Frank Holton Tenor Saxophone, ca. 1914-1915

from the Musical Americana Collection – Silver plated brass

The Frank Holton Company manufactured this tenor saxophone in either late 1914 or early 1915 when the company was located at Chicago’s 169 Gladys Avenue.  Since the Holton company officially began producing and marketing their professional model saxophones in 1915, this instrument was likely one of the first saxophones made by the company.  The company’s newsletter introduces their new saxophone line by writing:

The Holton saxophone – a fit companion of the Holton brass family – has at last been fully developed and the Alto, C Melody, and Tenor are now ready for delivery.  For a long time this announcement has been looked forward to by the saxophone players of this country, as during the past two years Mr. Holton and his experts have been steadily at work endeavoring to produce a saxophone having all the good qualities of those now on the market, none of the bad, and with some much needed improvements to simplify the playing of difficult passages.

The Holton saxophone line introduced several new keys to enhance the instrument’s playability which included specialized trill keys to play between the pitches B natural and C, A to B-flat, F to F-sharp, D to E-flat, C to E-flat, and G to G-sharp.  In addition, a key to play low B-flat could be special ordered when requested.  The prices for these 1915 horns ran between $90 and $113 for the alto saxophone, $95 to $120 for the C Melody, and $97 to $123 for the tenor saxophone.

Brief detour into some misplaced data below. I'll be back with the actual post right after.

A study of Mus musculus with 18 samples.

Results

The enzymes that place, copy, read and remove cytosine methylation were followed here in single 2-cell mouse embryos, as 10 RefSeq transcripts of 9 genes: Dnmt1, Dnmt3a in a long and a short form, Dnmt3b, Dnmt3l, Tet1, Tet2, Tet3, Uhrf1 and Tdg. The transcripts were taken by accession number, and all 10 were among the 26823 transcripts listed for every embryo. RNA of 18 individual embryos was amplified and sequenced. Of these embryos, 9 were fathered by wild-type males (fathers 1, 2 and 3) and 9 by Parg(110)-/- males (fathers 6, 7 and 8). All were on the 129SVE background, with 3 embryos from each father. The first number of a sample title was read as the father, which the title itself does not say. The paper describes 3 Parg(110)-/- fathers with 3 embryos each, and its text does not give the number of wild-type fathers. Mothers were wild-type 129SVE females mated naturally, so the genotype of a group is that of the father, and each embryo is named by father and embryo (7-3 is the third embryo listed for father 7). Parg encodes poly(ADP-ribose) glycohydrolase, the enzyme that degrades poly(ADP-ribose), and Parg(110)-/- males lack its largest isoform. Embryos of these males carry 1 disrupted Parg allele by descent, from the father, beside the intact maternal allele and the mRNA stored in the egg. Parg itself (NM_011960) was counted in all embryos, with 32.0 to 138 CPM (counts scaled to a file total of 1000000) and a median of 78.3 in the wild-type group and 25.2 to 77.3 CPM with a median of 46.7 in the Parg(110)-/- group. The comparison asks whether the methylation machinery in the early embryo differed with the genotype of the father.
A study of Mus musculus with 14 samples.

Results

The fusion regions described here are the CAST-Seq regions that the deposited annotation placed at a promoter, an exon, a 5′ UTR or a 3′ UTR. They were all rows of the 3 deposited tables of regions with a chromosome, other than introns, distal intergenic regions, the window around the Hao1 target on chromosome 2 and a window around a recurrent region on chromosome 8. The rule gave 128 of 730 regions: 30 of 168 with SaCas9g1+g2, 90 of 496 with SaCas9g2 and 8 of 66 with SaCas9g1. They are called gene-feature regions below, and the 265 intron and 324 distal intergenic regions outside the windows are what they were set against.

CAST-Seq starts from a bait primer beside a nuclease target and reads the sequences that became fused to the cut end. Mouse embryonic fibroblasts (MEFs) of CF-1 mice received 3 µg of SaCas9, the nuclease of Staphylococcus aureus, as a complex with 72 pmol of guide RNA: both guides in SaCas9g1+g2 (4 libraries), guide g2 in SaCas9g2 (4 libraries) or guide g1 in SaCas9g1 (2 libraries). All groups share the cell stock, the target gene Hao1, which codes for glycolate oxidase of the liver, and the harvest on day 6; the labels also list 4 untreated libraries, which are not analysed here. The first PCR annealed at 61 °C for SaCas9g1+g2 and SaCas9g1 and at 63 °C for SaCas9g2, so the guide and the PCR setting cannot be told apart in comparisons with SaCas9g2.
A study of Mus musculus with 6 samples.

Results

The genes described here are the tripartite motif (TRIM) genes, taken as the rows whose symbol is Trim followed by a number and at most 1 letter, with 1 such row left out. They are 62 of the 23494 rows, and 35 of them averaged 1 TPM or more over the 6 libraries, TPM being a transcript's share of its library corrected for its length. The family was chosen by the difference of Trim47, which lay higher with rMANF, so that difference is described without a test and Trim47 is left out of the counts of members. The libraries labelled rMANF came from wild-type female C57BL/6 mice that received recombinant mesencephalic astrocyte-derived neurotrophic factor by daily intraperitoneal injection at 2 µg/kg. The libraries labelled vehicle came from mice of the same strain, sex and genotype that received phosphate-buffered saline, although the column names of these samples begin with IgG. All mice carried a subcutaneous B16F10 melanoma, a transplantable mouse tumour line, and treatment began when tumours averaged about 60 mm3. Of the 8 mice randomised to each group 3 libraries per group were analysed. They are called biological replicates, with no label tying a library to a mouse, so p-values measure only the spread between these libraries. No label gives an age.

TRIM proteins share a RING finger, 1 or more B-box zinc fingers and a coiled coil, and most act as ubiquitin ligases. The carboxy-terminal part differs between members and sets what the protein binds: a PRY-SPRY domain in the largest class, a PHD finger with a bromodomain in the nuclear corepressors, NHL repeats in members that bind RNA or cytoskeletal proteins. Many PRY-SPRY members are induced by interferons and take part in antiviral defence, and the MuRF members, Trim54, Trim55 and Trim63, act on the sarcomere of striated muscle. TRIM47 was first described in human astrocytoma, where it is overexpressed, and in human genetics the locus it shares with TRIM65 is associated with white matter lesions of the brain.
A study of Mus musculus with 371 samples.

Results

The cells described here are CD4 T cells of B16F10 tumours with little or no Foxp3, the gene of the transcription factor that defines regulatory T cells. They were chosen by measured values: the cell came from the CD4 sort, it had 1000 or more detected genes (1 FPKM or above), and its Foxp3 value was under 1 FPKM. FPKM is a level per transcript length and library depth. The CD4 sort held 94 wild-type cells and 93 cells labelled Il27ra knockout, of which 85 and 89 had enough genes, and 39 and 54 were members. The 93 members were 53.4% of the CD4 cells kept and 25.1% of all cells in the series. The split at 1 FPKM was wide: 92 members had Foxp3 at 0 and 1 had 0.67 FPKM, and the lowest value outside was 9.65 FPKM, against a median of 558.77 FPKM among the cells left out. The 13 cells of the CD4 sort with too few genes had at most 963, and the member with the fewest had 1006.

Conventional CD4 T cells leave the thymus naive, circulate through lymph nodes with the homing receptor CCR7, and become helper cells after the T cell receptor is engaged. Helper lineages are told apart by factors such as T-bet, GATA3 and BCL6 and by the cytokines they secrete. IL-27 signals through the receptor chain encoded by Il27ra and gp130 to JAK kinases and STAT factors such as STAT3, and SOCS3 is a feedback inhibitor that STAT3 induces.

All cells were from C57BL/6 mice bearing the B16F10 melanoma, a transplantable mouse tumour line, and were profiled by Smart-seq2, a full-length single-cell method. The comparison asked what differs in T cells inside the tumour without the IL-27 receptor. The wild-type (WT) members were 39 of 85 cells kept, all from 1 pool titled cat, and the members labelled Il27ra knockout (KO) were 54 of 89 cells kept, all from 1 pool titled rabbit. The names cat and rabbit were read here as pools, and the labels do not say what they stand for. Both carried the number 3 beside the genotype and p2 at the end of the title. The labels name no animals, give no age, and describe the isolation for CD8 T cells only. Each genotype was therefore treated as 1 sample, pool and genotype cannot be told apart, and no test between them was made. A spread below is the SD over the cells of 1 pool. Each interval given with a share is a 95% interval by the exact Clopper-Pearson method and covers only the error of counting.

Listen to a Holton tenor saxophone, played by Al McLean (ca. 2012).

While saxophones made by the Conn and Buescher music companies were endorsed by Edward Lefebre and Tom Brown, the Holton saxophones were endorsed by Rudy Wiedoeft who composed numerous pieces to highlight the horn’s additional trill keys.  In 1925, the Holton Company introduced the Rudy Wiedoeft saxophone model, which ran until 1932, and the Revelation saxophone line, which ran until 1980.  In 1928, the Holton Company introduced a low octave key on the bow of the instrument, but the other saxophone manufacturers never adopted this additional key.  This additional key was discontinued by Holton in 1932 when they introduced their Collegiate saxophone model.